Upscale latrines form the basis for a new “sanitation market” approach in Nepal
At the recently-concluded Asia region Feed the Future Agriculture-Nutrition Global Learning and Evidence Event (AgN-GLEE) in Bangkok on March 19-21, Dr. Luke Colavito of International Development Enterprises (iDE) Nepal reported to the 60-plus workshop participants on a new UNICEF-sponsored initiative to expand household availability of “upscale latrines” in rural areas through a market development approach. iDE’s Sanitation Marketing Initiative (SanMark) in Nepal combines its trademark supply chain approach to delivery of low-cost production technology and a “human centered design” (HCD) approach that considers the needs of consumers for useful as well as efficient household products. The resulting “easy latrine” is a lightweight tiled slab with an embedded porcelain pan that combines an aspirational health and sanitation product and a business model with a “one-window” marketing system implemented by sales agents working for local cement product manufacturers. The approach was successfully piloted in 2012 and is being scaled up in 2013 with the support of UNICEF and other donors to reach over 100,000 households (benefiting over 500,000 people) in four Terai districts (Kapilvastu, Rupandehi, Dhanusha, and Siraha) where the practice of “open defecation” is prevalent and known to be a source of contamination of food and water sources and suspected as a contributing factor to “environmental enteropathy” in young children.
As described to workshop participants by Elizabeth Williams, team leader for the SPRING Project in Bangladesh, use of latrines and associated hand-washing practices are components of seven “Essential Nutrition and Hygiene Actions” (ENHAs) that are globally promoted by governments, NGOs and the private sector as components of an overall strategy to reduce diarrhea and malnutrition in young infants and children. The iDE “SanMark Initiative” was successfully pioneered by iDE Cambodia with initial support from the Bill and Melinda Gates Foundation. Market analyses indicate that families provided clear and consistent behavior change messaging easily understand the need to use latrines but often don’t have the time and skills to bring together all the component parts and services that are required to construct a usable facility. iDE’s water and sanitation (WASH) experts have designed a durable latrine that utilizes locally available materials – cement, reinforcing steel, ceramic tiles – and costs around $100 including a small brick building for privacy. Consistent with successes iDE demonstrated in a number of countries in the development of low-cost micro-irrigation equipment, SanMark relies on an existing supply chain of cement ring manufacturers for constructing the component and providing “turn-key” financing and installation services. Once the durable latrine floor and holding are installed, households build privacy walls and a simple roof using local skills and materials.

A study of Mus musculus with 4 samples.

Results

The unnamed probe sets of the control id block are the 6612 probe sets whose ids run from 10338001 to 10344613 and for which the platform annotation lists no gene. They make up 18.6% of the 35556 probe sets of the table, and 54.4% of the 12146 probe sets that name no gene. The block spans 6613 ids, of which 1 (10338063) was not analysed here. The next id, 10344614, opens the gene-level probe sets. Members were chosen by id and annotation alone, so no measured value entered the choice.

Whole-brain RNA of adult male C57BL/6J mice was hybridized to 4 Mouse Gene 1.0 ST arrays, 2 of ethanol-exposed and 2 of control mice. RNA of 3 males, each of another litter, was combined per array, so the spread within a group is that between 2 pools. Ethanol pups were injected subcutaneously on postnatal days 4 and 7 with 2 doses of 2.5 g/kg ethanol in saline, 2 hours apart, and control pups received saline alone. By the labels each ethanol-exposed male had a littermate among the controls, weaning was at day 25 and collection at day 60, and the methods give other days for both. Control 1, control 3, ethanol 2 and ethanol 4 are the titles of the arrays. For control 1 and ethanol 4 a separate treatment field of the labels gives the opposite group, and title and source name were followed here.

iDE’s new initiative also builds on the desire of Nepalese newly-returned from overseas employment to invest in “up-scaling” their households through a simple investment that meets the sanitation standards they experienced while overseas. The newly designed latrine withstands long-term use and is easily cleaned and sanitized, an important feature for households who are responsive to new learning about the importance of reducing the exposure of children to human wastes.
Emerging evidence around the impact of environmental enteropathy on childhood malnutrition and stunting has prompted stakeholders in the US Government’s Feed the Future Initiative to seek to incorporate WASH as a component in program design. iDE’s new Sanitation Market Initiative is a promising strategy for delivering simple, low-cost sanitary facilities to households that complements efforts of FTF country teams to expand the availability of nutritious foods, reducing exposure to environmental challenges that rob children and their mothers of the nutritional benefits of improved diets.
Presentations, videos, and related materials from the three regional AgN-GLEE workshops are available on the USAID SPRING project website.